Sales professionals have a notion of “mini-sales.”
A mini-sale occurs when a prospect agrees to learn more about you or your product, but has not yet agreed to a purchase. Say, for example, that you sell cleaning supplies to restaurants. You may call a restaurant owner and ask him to purchase your cleaning supplies and the restaurant owner may promptly say “no.” Conversely, you may call the restaurant owner and ask him to meet with you to discuss your cleaning supplies and the restaurant owner may say “yes” to meeting with you. That “yes” is a mini-sale. The owner has not agreed to buy your products, but he has agreed to meet with you and learn more about them. The mini-sale is a necessary step for you to ultimately sell your products to the restaurant owner.
Email sign-up a first step
Email marketing, say many experts, greatly facilitates mini-sales for an ecommerce business. A prospect may read advertising from an ecommerce business or may visit the owner’s website. The visitor may not, however, be ready to purchase products from the ecommerce store. But, he may agree to sign-up for an email to learn more about them. This email sign-up is a mini-sale, and it can dramatically improve sales to an ecommerce business.
“Email is so inexpensive,” says Gail Goodman, chief executive officer of Constant Contact, a self-service email-marketing firm. “It’s a great alternative for folks who aren’t ready to buy. They may not buy, but they will, oftentimes, sign up for an email newsletter or sign up to receive more product information from you via email. Eventually, many of these prospects will buy something after they’ve received your email communications. In this manner, it dramatically improves purchaseconversion rates to a website and, likewise, it can dramatically improve marketing returns.”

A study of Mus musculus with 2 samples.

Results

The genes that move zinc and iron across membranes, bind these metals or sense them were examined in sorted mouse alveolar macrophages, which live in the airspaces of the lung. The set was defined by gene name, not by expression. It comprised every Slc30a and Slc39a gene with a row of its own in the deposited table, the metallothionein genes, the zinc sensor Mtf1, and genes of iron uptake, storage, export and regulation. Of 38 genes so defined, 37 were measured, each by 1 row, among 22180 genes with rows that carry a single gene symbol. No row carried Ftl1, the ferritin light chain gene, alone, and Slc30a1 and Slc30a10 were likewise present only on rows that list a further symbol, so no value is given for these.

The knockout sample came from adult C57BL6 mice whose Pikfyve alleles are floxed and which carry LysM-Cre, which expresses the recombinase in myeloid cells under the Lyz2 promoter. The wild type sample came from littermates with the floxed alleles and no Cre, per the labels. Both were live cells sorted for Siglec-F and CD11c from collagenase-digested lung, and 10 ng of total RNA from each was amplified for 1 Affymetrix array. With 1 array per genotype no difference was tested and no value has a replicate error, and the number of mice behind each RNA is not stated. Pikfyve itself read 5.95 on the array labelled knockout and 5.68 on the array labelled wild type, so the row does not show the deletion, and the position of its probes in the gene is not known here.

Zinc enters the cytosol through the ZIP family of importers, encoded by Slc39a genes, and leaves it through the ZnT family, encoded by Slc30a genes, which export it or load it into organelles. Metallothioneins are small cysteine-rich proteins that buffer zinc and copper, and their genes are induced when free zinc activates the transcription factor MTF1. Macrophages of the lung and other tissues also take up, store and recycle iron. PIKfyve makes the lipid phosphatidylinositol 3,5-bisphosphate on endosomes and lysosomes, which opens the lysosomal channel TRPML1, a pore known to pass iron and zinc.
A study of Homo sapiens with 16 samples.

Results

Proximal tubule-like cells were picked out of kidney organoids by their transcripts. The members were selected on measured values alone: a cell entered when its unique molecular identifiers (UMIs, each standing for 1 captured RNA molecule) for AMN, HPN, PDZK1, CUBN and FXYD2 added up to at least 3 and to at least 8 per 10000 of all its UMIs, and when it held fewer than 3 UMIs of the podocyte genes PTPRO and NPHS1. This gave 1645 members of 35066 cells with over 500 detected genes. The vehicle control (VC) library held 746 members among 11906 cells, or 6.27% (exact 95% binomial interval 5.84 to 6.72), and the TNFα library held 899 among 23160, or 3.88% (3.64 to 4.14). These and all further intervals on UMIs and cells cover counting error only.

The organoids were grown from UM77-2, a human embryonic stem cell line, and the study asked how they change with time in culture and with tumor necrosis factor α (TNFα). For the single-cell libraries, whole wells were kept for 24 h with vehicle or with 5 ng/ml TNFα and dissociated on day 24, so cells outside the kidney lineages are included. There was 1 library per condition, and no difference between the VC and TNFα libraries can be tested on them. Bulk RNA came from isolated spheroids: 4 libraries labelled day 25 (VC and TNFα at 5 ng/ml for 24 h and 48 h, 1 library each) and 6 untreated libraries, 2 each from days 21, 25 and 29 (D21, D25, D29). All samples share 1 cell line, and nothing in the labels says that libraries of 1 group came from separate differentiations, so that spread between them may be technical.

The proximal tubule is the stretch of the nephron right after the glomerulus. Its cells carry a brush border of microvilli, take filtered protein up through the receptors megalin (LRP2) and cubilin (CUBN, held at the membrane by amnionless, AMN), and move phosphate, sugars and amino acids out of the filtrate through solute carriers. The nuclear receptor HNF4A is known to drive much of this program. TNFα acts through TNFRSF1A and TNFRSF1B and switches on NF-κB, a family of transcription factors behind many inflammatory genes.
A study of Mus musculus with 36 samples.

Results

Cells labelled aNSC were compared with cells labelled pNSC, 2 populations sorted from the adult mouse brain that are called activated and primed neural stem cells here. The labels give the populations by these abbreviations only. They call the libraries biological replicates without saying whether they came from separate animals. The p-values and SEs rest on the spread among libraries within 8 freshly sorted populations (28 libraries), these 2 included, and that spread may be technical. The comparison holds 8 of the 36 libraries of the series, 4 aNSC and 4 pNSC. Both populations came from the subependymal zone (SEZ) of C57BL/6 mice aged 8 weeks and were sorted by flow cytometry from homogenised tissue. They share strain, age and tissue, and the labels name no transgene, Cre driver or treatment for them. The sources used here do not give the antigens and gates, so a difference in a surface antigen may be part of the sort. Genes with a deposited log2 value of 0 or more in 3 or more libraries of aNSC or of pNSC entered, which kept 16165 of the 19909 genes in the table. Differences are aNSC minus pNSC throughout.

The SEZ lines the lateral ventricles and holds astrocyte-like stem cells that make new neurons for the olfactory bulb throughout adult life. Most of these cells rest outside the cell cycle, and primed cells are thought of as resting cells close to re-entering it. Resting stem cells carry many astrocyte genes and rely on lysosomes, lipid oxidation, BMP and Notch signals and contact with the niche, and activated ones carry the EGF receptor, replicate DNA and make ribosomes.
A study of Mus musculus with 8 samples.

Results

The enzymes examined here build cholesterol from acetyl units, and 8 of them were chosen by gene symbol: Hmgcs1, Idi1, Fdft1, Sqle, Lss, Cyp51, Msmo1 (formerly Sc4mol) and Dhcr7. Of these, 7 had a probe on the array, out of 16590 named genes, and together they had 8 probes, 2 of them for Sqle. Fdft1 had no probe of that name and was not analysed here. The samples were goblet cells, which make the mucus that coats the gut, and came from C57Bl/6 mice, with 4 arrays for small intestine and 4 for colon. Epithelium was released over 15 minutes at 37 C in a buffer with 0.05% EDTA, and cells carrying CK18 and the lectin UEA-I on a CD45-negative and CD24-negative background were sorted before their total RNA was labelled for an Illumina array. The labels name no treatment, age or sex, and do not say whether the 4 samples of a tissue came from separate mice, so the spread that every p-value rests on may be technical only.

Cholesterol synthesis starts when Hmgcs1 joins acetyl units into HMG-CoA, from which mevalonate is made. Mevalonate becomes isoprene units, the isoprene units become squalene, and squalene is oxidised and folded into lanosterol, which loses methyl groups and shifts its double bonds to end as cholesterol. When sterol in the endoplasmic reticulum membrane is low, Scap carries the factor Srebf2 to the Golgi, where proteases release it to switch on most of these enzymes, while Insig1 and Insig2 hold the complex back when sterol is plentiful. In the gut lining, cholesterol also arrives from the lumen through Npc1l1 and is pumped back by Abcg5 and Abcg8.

Chris Baggott, chief marketing officer and co-founder of Exact Target, another email-marketing firm, agrees. “It’s a mistake to use email as a customer-acquisition tool,” says Baggott. “Email is best used to start the sales process and gather data about your customer.”
From email to DVD to a sale
Baggott continues, “We have a client who arranges $2,000 rafting trips. Hardly anyone will agree to a $2,000 rafting trip the first time they visit a website. Recognizing that, our client offers to [physically] mail to any prospect a free DVD about river rafting. Our client mails the DVD only after the prospect has agreed to receive email communications from him. Eventually, many of the recipients of the DVD and email communications will sign up for the rafting trips. The email and DVD just started the sales process.”
Says Goodman, “There are so many innovative ideas for prospects to agree to receive your emails. There are frequent-buyer club promotions. There are special sale alerts. There are newsletters. There are emails for new product releases and new product specifications. The key is to communicate with your prospects. You’ve got to get them ready to eventually buy something from you.”